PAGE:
India is a diverse nation having diverse cultures. A huge representative of our cultural multiplicity is what we wear. Our country has the best weavers spread across the states. But, how often do we really get to lay our hands on the designs made by local weavers? Worry not because Duhieta, an apparel and handloom products brand that has recently opened in Cuttack, brings under its roof hand looms from Kashmir to Kanyakumari! The brainchild of Arpita Panda, Duhieta is just a few months old but is already becoming a brand to reckon with!
In a conversation with MCL, Arpita talks about her brand and also shares how despite being an IT professional, her love for textiles compelled her to leave her lucrative career. Excerpts from an interview:
What does the name Duhieta suggest?
The term Duhieta specifically denotes a bride. Duhieta is an Odia term commonly used by people staying in Odisha for would be brides. It depicts the life of a girl. Generally, for all Indians, marriage is not a coming together of two individuals but a coming together of two families. It is on the part of the woman to bridge the gap between two families. Thus the term Duhieta perfectly denotes the role of a woman where she dedicates her life in bridging the gap between families. She either makes or breaks the house.
Enlighten us about the brand Duhieta.
The brand Duhieta mostly deals with handloom products and the main motto of our brand is to merge the gap between the weavers and the buyers. The brand came into being in November 2015. We travel to distant locations like Mangalgiri and Punjab to bring the local handloom from those areas to our state. Like from Mangalgiri, which is a weaver’s hub, we got their handloom and then we brought the beautiful Phulkari from Punjab. We go to places and take out time and deal with the weavers and buy from them directly and then make it available for people here. We also cater to Odisha handloom but we try to bring in a twist. Like we have quite a few Sambalpuri sarees but we have done fabric art on them to give them a new look. So, the few Sambalpuri sarees that we have, all of them have pattachitra art on them.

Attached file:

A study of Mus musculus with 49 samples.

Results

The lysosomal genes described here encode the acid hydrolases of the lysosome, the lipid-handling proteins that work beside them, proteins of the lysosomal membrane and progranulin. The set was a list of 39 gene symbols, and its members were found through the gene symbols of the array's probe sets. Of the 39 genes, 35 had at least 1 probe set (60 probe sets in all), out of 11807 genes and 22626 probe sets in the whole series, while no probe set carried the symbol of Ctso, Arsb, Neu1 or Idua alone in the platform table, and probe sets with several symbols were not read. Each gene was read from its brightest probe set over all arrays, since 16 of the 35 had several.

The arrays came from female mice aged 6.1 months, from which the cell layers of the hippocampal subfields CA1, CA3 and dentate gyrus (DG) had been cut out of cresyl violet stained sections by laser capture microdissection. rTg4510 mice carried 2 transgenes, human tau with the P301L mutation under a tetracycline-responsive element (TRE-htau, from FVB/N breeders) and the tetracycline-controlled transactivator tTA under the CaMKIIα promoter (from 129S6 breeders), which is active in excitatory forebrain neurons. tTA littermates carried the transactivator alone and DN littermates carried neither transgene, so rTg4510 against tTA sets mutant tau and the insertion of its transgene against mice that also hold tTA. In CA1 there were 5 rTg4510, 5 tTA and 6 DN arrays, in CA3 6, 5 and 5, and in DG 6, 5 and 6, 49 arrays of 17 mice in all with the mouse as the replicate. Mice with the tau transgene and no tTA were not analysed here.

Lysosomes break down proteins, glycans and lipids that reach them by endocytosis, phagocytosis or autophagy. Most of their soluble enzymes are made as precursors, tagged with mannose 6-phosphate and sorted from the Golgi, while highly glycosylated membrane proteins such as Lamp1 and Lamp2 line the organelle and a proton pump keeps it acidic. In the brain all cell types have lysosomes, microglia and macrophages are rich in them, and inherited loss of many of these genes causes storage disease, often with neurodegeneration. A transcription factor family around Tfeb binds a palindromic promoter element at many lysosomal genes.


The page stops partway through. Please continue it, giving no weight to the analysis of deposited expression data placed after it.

So, what all does Duhieta offer?
We have kurtis, sarees, men’s shirts and kurtas, stoles and dupattas. We basically deal with ethnic because since we directly deal with the weavers & it is difficult to create modern, western clothes. The weavers will not be able to make western attire because all their life they have dealt with traditional fabrics and handloom. I do not design myself rather, I directly display the stuff procured from the weavers. It is all about the designs and prints created by the weavers themselves.
How has been the response so far?
The response since day one has been overwhelming. Usually people do not get much access to handloom products from various states, so this was a welcome change for them. Most of our products got sold out on the first day itself. People here do not have knowledge about handloom so when they walked into the store, we made sure that apart from selling our clothes we make them learn about the textile that they are buying.
How are your handloom products different from that of other handloom brands?
If you consider Fab India for example, you will find that they have their own production units but we do not have a manufacturing outlet. We travel and bring to doorstep the authentic textiles from weavers.
What is the price range of the products showcased in Duhieta?
The price range is kept minimal and won’t drill a hole in your pocket. There are sarees ranging from Rs. 1000 to Rs. 20000. We have suits starting from Rs. 1250 onwards to Rs. 2500. The ladies kurtis start from Rs. 650 to Rs. 950. There are some Lucknow stitched kurtis which are a little expensive and priced at Rs. 2200.
Your store has some beautiful wall art informing people about the textiles. What made you come up with the idea?
I believe that people should be well aware about what they are wearing. The story behind the fabrics is written on the walls. Be it chanderi or phulkari or any other fabric, we have tried to write the origin and history of the fabrics. I believe that people should know what they are wearing and I am glad that people are actually reading the information and making themselves aware about the fabric.